Pete Dye was an ageless wonder, and there will never be another course designer like him
This is a roundabout way to get into Pete Dye, but golf-course architecture is a round-about business. You could say that Robert Trent Jones begat Pete Dye and Pete Dye begat Tom Doak and right there you have 90 years of American golf-course architecture. You could also say that Robert Trent Jones — more than ably assisted by his wife, Ione — begat Rees Jones and his brother, Bobby. Both, like their father before them, are noted architects. Rees and Pete were close forever.
Rees is a friend of mine and on Thursday morning we were talking by phone but not about Pete Dye, whose death was announced later in the day. Rees was on speakerphone and after we hung up my wife said, “Rees sounds like he’s 30.” I have often thought something similar. Rees graduated from college (Yale) in 1963. He’s 78. He doesn’t look young but he sounds, thinks and acts young. His working life has a lot to do with it. It’s physically and intellectually vigorous. It keeps you moving.
Pete Dye was 94 when he went to that great pot bunker in the sky. (He wrote a book years ago called Bury Me in a Pot Bunker.) Rees and I got on the phone again Thursday night, to talk about Dye. Pete Dye was famously boyish. Boyish, impish, fun, in his drinking days and after he stopped, too. I asked Rees if Dye had ever lost those qualities. Dye had Alzheimer’s in his final years.
“He really didn’t,” Rees said. “He never got old. He loved to joke. He loved to tweak you. He loved to make you think.”
Rees would play with Dye at Gulf Stream, a private course in South Florida that Pete and his wife, Alice, had renovated. “The final time we played, I don’t know if he knew who I was but he knew when he made a par,” Rees said. “He made five pars and after every one he’d say, ‘I made a par!’ He was 92 and he shot 89.” Before he enlisted in the U.S. Army during World War II, Pete had been a schoolboy golf champion in Ohio.
Jack Nicklaus was 16 when he first met Dye. They designed Harbour Town Golf Links in Hilton Head together, in the late 1960s. “We would go over and take a look at it while they were building it,” Rees said. He and his father were building a course nearby. “We didn’t understand what he was doing. It was so low-profile.” The greens almost at the same height as the fairway. No big lips. Not a Trent Jones course, not an Alister MacKenzie, not an A.W. Tillinghast course. It was Pete Dye course, with Jack attached to it. Many players, good, bad and in between, love that course. The architects do, too, “because of the tight fairways and the small greens and the way the bunkers wiggle around them — there’s really nothing like it.”
The first time there was a Tour event there, in 1969, Arnold Palmer presented Dye with the gift of a lifetime. He won. “Guys tend to like the courses where they win,” Rees said. Over the next decade, Jack Nicklaus, Johnny Miller, Hale Irwin and Tom Watson won there. Every win was an enormous gift to Pete and his reputation. But he never built a course like Harbour Town again. His courses got harder and harder. He was going to show Hale Irwin and Co. who the boss was, even while he remained eminently likable and a fun hang.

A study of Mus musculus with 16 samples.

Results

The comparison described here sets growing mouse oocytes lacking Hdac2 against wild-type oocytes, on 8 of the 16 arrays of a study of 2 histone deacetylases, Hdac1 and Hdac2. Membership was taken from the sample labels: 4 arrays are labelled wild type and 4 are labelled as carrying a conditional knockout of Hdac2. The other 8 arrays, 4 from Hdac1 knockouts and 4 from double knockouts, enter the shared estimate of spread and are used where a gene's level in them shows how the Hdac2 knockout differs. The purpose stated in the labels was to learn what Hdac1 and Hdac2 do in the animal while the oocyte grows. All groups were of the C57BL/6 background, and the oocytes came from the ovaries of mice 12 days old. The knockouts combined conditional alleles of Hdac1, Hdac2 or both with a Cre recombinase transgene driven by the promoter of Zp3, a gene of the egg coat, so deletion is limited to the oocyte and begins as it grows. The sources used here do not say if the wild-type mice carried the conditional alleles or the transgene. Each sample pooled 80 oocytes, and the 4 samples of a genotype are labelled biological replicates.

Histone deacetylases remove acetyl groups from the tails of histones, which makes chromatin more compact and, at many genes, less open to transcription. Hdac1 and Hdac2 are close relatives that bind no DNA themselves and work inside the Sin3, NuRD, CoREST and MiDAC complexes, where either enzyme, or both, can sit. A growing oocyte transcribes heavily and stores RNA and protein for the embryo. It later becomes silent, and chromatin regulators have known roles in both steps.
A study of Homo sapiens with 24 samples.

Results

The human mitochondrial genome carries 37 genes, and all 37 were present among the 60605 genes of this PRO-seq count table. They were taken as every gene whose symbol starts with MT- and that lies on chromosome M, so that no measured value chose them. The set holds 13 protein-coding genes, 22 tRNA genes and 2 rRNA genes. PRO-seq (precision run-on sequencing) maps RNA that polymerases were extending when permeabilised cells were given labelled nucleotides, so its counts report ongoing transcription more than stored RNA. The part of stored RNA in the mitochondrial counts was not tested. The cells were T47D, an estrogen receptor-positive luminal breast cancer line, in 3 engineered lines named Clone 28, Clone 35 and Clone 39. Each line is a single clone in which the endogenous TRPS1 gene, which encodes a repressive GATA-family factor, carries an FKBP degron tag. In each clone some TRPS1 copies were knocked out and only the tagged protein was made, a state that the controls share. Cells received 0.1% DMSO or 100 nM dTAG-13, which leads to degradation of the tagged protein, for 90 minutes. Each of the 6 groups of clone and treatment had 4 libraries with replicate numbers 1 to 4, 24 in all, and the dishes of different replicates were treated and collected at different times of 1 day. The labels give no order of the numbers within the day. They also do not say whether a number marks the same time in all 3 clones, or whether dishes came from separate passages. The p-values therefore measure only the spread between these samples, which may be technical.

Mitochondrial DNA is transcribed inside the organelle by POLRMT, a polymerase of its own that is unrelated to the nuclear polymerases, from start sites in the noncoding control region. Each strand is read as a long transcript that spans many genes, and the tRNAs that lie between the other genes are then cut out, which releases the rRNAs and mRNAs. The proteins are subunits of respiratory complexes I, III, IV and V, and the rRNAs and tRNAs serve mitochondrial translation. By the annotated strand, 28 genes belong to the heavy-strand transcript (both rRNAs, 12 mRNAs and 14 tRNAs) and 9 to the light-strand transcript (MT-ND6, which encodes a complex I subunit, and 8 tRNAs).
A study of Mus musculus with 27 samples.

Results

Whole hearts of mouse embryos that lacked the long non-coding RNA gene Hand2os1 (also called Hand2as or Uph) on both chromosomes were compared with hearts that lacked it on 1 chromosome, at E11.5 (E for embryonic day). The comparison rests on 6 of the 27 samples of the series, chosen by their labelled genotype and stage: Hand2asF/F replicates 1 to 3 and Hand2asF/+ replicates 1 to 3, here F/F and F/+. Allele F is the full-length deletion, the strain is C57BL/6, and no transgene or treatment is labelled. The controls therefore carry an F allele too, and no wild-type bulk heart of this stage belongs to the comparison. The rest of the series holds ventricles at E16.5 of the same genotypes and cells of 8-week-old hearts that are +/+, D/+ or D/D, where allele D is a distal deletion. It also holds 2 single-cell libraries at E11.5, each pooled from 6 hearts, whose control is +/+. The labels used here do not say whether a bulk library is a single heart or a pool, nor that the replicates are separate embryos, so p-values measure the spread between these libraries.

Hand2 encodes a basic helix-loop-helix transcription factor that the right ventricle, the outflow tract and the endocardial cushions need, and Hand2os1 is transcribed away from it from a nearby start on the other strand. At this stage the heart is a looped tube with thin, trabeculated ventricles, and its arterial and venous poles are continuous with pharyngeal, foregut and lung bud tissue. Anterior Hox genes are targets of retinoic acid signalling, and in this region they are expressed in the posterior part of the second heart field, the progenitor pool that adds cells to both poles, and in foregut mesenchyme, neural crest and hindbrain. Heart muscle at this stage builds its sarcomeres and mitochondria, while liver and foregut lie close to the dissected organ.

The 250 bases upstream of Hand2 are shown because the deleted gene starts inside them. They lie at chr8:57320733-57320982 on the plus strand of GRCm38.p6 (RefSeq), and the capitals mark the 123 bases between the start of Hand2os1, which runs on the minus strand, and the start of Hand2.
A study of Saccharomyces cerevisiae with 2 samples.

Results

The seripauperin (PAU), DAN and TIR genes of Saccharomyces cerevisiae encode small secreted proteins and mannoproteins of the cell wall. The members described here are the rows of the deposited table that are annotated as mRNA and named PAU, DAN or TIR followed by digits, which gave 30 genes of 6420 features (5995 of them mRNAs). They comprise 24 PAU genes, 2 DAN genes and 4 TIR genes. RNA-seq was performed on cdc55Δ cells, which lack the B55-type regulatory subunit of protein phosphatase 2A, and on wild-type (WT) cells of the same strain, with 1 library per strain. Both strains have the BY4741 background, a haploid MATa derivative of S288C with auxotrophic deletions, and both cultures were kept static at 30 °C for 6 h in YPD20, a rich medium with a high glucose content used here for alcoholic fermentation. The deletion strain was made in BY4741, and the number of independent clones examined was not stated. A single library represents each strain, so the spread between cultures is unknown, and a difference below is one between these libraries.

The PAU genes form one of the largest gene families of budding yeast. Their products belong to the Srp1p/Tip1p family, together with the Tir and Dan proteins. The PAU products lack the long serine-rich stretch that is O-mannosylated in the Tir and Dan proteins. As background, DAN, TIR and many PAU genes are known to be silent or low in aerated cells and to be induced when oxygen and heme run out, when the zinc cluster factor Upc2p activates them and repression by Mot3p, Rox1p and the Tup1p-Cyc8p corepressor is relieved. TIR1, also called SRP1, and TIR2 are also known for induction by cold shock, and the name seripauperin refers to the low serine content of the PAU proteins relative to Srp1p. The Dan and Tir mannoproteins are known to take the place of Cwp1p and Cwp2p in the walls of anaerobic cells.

When Deane Beman was looking for a somebody to build a course the Tour could call its own, he chose Pete. The land was a few hundred acres of choice North Florida swamp but Pete had a bulldozer. He didn’t find the Stadium Course in the land, to use the phrase Old Tom Morris always used. He dug it out of the muck. There were a lot of long days and nights, though good luck finding a nearby steakhouse in those days.
Fred Couples won there early, in 1984, and then won again there in ’96. Pete loved Fred but loathed how far he hit the ball — it was killing his creation. John Daly, the same. When you can drive it high and forever, like Daly did when winning the 1991 PGA Championship at Dye’s Crooked Stick course, you make every dogleg hole a straight hole. Four-seventy becomes a launched driver and a spinning sand iron.
In our conversation, Rees kept returning to Harbour Town, because it has always been so much fun to play and it never became obsolete. (Harbour Town and TPC Sawgrass are similar in that each course has 18 holes.) Rees’s other favorite Dye courses are the Teeth of the Dog in the Dominican Republic; Gulf Stream, minutes from the Dye’s South Florida home; the Honors Course near Chattanooga, Tenn.; Dye Preserve, also in South Florida; and The Golf Club, in New Albany, Ohio. He is less enamored of Dye’s big earth-moving projects like PGA West, “but they serve their purpose,” Rees said. “To sell real estate.”
In the early 1950s, after Robert Trent Jones got a big write-up in The New Yorker by Herbert Warren Wind, Pete Dye had the idea of getting out of the insurance business and into course design. Alice Dye, his young bride, was a top amateur golfer. “She asked Dad to hire Pete,” Rees said. “He never did.” But they talked, they compared notes, they very much did their own thing.
Robert Trent Jones took great inspiration from Robert Tyre Jones and Augusta National. Trent Jones did significant work there after World War II, and he built courses that were big: fairways as wide as airport runways, greens as wide as the White House lawn, bunkers as big as Jones Beach. Pete Dye wanted none of that. He was always his own man.
“Pete’s art was that he wanted to deviate, he wanted to do something different,” Rees said. Rees likes to look at the Kiawah course, in coastal South Carolina, just like everybody else. How can you not? It’s gorgeous! But in the wind, it can be unplayable. “He’s got these high, exposed greens, impossible to putt some days, but Alice wanted to look down and see the ocean.” You can see the ocean, all right. Whistling Straits is 18 postcards, too. Can you play it with one ball? Sure, if your name is Jason Day.